After the governor of The Reserve Bank of Australia, Philip Lowe, acknowledged that there is a “plausible scenario” of a cash rise this year, many people have been worried about how it may affect them. Bloomberg also predicts a rise, claiming the RBA could announce an increase in interest rates at any of their meetings from mid-2022 to late-2022, delaying increases until after the 2022 election and having a clearer picture of wage data.
The last time interest rates rose was in 2011, they have only decreased ever since. This implies that many Australian homeowners, borrowers and savers have never seen an increase in interest rates. Whilst the RBA initially indicated that rate increases were expected to occur in 2024, growing inflation has bought the agenda forward. A 1% rise is expected by the end of this year.
Depending upon individual choices made during the era of low interest rates, Australians are likely to find themselves either winners or a losers as the interest rate’s rise. Let’s look at the implications:
Homeowners with variable-rate mortgages
When the RBA increases interest rates, it will directly affect homeowners with variable-rate mortgages. Unlike fixed-rate mortgages where borrowers only need to pay a fixed percentage of interest regardless of the RBA rates, variable mortgages may be more difficult to pay as rates rise. Every incremental increase by the RBA will be passed on directly to people with variable rate mortgages by their banks. Even a 1% increase could cost these homeowners thousands of dollars over the course of a year.
Homeowners that bought during the recent boom
One of the major economic effects of lower interest rates is higher asset prices. That has certainly been the case across all sectors of the Australian property market. Lower rates have made larger loans more affordable pushing up house prices. Rising mortgage payments could reverse this trend, forcing some homeowners to sell if their mortgage becomes unaffordable. FOMO can quickly turn to FONGO. Those at the highest risk would be homeowners who bought at the peak, with the highest LVR, and with monthly payments close to maximum affordability. They could face the painful consequences of negative equity – in which their mortgage payments are no longer affordable so they need to sell, however, the value of the property is less than the price paid.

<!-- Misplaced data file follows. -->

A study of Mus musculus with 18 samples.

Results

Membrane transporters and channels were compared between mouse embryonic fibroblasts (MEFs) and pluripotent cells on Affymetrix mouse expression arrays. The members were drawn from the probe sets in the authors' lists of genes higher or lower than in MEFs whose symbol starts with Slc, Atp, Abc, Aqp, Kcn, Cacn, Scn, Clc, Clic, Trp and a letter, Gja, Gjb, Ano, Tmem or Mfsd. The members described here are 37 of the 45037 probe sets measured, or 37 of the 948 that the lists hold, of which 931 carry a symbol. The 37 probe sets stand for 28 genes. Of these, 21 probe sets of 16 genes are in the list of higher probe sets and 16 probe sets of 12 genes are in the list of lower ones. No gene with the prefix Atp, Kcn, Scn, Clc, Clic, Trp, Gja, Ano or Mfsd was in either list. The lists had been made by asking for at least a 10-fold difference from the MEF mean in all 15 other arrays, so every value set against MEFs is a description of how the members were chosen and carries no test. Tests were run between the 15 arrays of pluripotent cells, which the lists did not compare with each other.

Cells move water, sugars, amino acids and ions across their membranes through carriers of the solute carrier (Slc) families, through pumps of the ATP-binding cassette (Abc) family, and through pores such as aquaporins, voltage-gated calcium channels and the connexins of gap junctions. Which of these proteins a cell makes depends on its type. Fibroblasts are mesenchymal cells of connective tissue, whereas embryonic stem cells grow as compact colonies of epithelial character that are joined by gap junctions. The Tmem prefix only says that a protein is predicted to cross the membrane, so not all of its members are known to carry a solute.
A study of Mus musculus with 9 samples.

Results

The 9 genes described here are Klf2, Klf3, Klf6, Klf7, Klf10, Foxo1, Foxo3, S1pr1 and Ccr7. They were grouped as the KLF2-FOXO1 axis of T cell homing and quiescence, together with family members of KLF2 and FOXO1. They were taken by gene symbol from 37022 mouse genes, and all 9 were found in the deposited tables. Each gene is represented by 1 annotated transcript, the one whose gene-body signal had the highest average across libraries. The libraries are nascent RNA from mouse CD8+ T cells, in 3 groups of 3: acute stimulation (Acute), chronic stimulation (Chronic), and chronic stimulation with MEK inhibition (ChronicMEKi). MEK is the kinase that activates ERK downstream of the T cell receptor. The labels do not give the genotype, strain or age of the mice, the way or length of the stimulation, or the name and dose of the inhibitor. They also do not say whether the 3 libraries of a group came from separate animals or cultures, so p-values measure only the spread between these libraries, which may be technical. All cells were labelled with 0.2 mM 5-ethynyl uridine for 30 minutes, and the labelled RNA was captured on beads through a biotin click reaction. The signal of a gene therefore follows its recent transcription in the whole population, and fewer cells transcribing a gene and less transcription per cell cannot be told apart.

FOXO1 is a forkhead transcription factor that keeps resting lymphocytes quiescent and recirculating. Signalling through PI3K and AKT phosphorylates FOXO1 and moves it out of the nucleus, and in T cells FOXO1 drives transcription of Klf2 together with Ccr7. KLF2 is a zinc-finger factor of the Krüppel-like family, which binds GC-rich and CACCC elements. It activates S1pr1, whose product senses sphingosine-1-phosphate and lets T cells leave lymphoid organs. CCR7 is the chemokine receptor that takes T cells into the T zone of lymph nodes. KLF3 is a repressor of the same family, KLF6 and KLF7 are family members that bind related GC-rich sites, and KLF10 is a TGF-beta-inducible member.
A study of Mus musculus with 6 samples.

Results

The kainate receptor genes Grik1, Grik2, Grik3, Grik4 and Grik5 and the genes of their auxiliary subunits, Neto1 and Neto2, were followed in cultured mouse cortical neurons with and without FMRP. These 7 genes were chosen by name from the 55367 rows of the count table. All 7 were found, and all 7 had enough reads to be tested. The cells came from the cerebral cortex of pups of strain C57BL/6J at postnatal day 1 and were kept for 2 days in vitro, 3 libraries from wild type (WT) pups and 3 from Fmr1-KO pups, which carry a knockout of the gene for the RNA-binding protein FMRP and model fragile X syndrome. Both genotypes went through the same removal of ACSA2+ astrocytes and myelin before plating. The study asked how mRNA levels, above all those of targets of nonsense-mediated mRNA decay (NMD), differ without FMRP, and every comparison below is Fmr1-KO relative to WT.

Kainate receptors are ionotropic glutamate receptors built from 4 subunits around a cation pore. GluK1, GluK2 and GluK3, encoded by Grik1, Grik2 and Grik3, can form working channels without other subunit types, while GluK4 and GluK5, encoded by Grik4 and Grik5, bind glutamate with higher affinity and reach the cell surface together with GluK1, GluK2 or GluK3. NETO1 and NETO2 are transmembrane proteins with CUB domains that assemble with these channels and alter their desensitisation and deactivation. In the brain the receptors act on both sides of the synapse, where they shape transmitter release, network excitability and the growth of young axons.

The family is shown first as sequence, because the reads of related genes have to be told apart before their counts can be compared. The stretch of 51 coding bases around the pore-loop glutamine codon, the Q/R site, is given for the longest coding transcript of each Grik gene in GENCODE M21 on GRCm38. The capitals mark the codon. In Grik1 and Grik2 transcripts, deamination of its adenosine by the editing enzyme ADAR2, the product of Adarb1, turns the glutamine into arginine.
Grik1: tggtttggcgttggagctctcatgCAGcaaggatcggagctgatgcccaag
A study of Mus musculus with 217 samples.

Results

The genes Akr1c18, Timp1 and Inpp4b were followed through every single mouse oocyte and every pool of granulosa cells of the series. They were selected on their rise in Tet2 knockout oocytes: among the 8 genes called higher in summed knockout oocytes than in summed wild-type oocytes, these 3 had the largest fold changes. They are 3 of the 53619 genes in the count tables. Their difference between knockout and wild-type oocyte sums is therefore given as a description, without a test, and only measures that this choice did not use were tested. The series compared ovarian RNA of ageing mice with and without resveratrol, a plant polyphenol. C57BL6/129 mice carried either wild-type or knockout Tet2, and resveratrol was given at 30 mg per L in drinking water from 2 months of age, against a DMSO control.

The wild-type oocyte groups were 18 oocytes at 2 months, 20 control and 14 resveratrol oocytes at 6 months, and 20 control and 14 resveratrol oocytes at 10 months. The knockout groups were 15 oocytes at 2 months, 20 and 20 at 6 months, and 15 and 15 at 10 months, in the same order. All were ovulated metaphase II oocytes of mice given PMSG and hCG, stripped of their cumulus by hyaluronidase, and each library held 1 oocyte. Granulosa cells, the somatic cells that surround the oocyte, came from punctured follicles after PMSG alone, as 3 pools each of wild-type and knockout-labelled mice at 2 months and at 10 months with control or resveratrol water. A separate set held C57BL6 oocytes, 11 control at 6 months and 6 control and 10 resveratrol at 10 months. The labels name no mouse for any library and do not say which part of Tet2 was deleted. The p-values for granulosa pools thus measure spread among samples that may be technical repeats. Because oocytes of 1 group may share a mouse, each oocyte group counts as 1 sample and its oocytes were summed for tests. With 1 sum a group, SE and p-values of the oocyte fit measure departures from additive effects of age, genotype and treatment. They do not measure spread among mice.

Long term low interest rates followed by the first signs of inflation may not have been good news for savers. However with interest rates rising, prudent savers could finally see an increase on their returns. It’s not all clear skies ahead though, if interest rate rises don’t sufficiently bring inflation under control, then in real terms, savers could still see buying power of their savings diminish. Nevertheless, the old adage that “cash is king” could prove to be right again if asset prices drop after rates rise. There could be bargains to be snapped up by savvy savers.
Homeowners with fixed-rate mortgages
Although fixed rate mortgages have either dried up or seen the fixed rate increase in recent times, there are several banks still offering them. Homeowners could yet lock in up to 5 years of fixed rates if they fear rates may increase significantly, especially to have peace of mind and certainty on monthly commitments for a long period. Those who took fixed rates over the past year or two will not be impacted by rising rates at all – which could retrospectively be seen as a very smart move.
Considering the fate of all Australians impacted by rising interest rates, the RBA knows that they have a huge responsibility in hand. What goes down must eventually go back up again though, and it appears we are now at one minute to midnight for the post GFC era of ultra low interest rates.